Dallas Stars owner Tom Gaglardi wasted little time shaking things up following his club's elimination last Thursday from playoff contention, replacing Joe Nieuwendyk as GM over the weekend with former Detroit Red Wings assistant GM Jim Nill.
Nieuwendyk had been GM since 2009-10, guiding the Stars through a difficult period transitioning between owners, which saw popular veterans Mike Modano and Marty Turco depart via free agency.
Though hampered by tight budgets for most of his tenure, Nieuwendyk traded for goaltender Kari Lehtonen, re-signed scoring winger Loui Eriksson to a long-term contract, and restocked the Stars’ depleted farm system, which produced promising players such as Brenden Dillon and Alex Chaisson.
Following Gaglardi's purchase of the Stars in November 2011, Nieuwendyk re-signed franchise forward Jamie Benn to a lucrative long-term contract, added veteran free agents Ray Whitney and Jaromir Jagr last summer, and last June swapped Mike Ribeiro for promising center Cody Eakin.
Unfortunately, Nieuwendyk also made some moves that hampered the Stars, which included firing coach Dave Tippett in 2009, shipping James Neal and Matt Niskanen to Pittsburgh for Alex Goligoski in 2011, and trading Michael Ryder to Montreal midway through this season for a fading Erik Cole.
Having failed to make the playoffs during Nieuwendyk's four-year tenure, Gaglardi believed it was time for a change, noting the Stars failed to significantly improve statistically this season except on the power play.
Hiring Nill, who'd been with Red Wings management for 19 seasons, was a major coup, as he'd turned down previous offers from other clubs. Stars CEO Jim Lites, however, had connections with the Red Wings organization and convinced Gaglardi to pursue him.
Nill was an integral part of the Red Wings organization, rising from scout to assistant GM, playing a key role in building their championship teams over the past two decades. That experience should serve him well with the Stars.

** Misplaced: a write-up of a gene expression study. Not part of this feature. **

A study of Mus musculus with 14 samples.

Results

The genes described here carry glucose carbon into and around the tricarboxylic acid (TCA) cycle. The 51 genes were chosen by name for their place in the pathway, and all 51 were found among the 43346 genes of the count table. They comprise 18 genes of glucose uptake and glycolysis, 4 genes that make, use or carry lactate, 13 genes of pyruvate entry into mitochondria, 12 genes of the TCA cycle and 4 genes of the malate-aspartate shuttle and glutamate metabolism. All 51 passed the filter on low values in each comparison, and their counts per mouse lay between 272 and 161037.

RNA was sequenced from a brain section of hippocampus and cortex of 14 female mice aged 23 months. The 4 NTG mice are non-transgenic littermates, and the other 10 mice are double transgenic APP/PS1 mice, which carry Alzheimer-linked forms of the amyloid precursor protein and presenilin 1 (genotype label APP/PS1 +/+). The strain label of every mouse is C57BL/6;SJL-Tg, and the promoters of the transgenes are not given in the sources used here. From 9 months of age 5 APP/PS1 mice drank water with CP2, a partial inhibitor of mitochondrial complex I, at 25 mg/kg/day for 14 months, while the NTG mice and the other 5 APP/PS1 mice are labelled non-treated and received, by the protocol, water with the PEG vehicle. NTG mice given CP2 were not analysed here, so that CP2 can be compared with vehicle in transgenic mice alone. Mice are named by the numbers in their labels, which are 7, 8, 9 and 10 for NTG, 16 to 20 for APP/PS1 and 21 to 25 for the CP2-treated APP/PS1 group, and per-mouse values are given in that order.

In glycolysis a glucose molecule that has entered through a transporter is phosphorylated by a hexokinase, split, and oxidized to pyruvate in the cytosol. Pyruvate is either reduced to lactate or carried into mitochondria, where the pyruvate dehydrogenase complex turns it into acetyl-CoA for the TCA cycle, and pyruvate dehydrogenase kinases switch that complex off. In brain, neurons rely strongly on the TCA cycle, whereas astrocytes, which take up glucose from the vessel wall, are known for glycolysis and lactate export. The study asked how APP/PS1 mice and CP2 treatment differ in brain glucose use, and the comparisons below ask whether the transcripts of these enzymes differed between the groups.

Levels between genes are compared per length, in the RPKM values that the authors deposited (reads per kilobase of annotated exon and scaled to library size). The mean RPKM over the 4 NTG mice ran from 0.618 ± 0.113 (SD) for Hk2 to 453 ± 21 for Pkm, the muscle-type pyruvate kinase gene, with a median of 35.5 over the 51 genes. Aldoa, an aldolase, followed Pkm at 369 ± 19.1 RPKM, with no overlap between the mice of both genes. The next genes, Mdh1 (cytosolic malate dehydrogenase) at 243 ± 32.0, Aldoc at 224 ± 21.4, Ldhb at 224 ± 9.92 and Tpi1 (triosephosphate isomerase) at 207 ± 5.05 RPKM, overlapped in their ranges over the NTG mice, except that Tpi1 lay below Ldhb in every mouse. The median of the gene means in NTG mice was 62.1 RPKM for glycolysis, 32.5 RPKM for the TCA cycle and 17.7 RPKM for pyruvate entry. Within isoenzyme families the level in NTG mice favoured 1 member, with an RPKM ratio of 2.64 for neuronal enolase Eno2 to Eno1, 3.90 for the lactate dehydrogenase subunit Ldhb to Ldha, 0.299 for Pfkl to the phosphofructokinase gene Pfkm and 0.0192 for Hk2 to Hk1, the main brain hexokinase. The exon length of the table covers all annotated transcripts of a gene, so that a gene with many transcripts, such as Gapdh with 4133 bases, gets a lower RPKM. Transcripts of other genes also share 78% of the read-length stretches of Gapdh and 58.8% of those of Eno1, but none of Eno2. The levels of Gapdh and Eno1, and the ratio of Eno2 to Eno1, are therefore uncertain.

His first order of business is determining the fate of coach Glen Gulutzan. It's widely assumed he'll be replaced, but Nill intends to meet with Gulutzan and his staff before making any decisions.
During Nill's introductory press conference, he wasted little time identifying his new team’s problem areas, citing the need for a change in the team's culture, along with its lack of depth at center and poor defensive play.
He inherits a payroll north of $44.6 million invested in 17 players, leaving him with about $19 million in cap space, provided he's allowed to spend up to next season's $64.3 million ceiling. With all the Stars’ core players under contract for next season, Nill doesn't have to worry about expensive re-signings this summer.
If Gaglardi is willing to spend, Nill will have some room to pursue potential unrestricted free agent centers such as Stephen Weiss or Tyler Bozak, or a veteran defensive blueliner like Ron Hainsey or Robyn Regehr.
He could also draw from the club's pool of prospects as trade bait for a second-line center or a physical shutdown defenseman, especially from clubs forced to dump salary to become cap compliant.
Considering how the Stars’ recent futility has affected their gate, Nill should get the go-ahead from Gaglardi to aggressively pursue the missing pieces to turn them into a playoff contender next season.
Rumor Roundup appears weekdays only on thehockeynews.com. Lyle Richardson has been an NHL commentator since 1998 on his website, spectorshockey.net, and is a contributing writer for Eishockey News and The Guardian (P.E.I.).